Bill Connelly praises Georgia’s defense with faint damns.
3. Georgia’s defense is awfully bend-don’t-breaky.
The Dawgs have allowed just 24 points in three games, so we probably shouldn’t overstate any issues.
Still, while they might prevent big plays as well as anyone in the country — which should make for an interesting matchup when they take on Drew Lock and the Missouri offense this weekend — teams have been able to move the ball incrementally so far. The Dawgs are 88th in success rate allowed, and opponents’ average third-down distance has been just 5.9 yards, the second-lowest (and, for defenses, second-worst) in FBS.
They swarm to the ball well, but they don’t disrupt: they’re only 103rd in havoc rate. A patient offense could do some damage.
Which begs the obvious question: is Missouri’s offense a patient offense? They’d like to think so.
“I think we handled their pass rush really well,” Lock said. “They were known to get to the quarterback and we blocked really well in the first half to where he had the opportunity to let guys run past the normal cover zone. If we can block it up, sometimes we can put a pass to those yard marks.”
That is one part of being patient, and it probably helps that Georgia to date hasn’t generated much in the sack department.
Interestingly, though, the offense appears to be running at a faster pace in 2018 — 86 plays per game, which leads the conference — than in 2017 (70.46 ppg). That’s allowed the Tigers to generate over a hundred yards per game greater offensive production than Georgia, despite the Dawgs averaging a yard per play more on offense than UM. It’s also helped get Missouri to second in the SEC in time of possession.
That, in turn, has probably helped a defense that’s yielding over six yards a play and evidently had issues last week with play action, something that should be music to Jake Fromm’s and Jim Chaney’s ears.
All of which tells me that one of the big keys to Saturday’s game is the play of Georgia’s safeties.
Last year, the Bulldogs’ didn’t do a very good job on Hall when he came to Sanford Stadium. Hall gashed the Georgia secondary for a pair of 63-yard touchdown receptions. But those were just the ones he caught. Erased from most everyone’s memory are the two other occasions when Hall was running free deep in the Georgia secondary but quarterback Drew Lock couldn’t connect with him. He finished with four catches for 141 yards.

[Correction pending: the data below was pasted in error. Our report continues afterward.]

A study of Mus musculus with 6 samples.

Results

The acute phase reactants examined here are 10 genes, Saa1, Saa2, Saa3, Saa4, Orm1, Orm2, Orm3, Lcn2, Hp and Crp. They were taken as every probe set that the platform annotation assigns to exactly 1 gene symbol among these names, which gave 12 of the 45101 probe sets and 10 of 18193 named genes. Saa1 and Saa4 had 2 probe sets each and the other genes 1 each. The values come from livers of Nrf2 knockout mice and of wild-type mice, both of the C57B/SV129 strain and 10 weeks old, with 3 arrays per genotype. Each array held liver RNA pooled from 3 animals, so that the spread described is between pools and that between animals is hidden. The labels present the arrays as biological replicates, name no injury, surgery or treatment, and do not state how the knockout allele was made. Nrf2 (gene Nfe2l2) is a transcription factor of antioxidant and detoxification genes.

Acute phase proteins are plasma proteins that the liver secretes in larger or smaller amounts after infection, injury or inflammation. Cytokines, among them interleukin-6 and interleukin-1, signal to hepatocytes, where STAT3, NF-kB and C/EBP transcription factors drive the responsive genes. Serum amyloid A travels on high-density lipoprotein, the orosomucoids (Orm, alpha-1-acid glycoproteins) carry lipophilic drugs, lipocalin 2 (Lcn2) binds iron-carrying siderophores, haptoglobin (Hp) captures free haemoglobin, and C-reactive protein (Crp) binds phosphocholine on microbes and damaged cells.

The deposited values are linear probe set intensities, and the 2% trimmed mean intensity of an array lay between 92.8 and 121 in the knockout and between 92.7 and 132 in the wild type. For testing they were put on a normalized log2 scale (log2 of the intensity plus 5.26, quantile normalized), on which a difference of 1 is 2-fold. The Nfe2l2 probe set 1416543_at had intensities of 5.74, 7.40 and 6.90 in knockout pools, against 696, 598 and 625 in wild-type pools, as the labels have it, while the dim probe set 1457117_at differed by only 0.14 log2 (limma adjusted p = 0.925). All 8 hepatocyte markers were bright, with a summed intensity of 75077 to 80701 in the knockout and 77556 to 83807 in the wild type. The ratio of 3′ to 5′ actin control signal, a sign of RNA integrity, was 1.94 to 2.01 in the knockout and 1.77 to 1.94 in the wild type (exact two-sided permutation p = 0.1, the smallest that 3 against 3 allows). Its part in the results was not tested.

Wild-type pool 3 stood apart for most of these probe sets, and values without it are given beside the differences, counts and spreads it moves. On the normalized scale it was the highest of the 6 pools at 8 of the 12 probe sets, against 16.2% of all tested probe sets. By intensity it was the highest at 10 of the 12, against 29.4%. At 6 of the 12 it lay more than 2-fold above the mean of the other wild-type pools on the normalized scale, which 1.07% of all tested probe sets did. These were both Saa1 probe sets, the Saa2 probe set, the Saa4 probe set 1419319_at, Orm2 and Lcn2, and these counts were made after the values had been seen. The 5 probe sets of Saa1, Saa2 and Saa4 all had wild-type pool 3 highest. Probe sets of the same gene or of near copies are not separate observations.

That was with veteran free safety Dominick Sanders manning the deep third. Now it is the first-year LeCounte taking on that responsibility.
“I watched that a few times, reviewing last year’s tape and watching this year’s tape,” said LeCounte, who started one game last season and all three this year. “He’s a real fast guy. We know we’re playing a great team and have really got to hone in and focus on everything we need to do.”
LeCounte won’t be alone. He and Reed will both have deep-ball responsibilities on Saturday. But Missouri is also running the ball with more authority this season, and most of the run fits fall to Reed.
LeCounte’s specialty is manning the center of the field and following the ball wherever it goes.
“Stay deep and protect the defense in front of you,” LeCounte said of his marching orders. “I’m the last line of defense back there. So, whenever I can stay deep and chase the ball down, that’s something I enjoy doing. I take pride in that.”
Smart and Tucker are not going to commit either LeCounte or Reed to the run unless Missouri forces them to. Is the Tigers’ running game good enough to force their hand?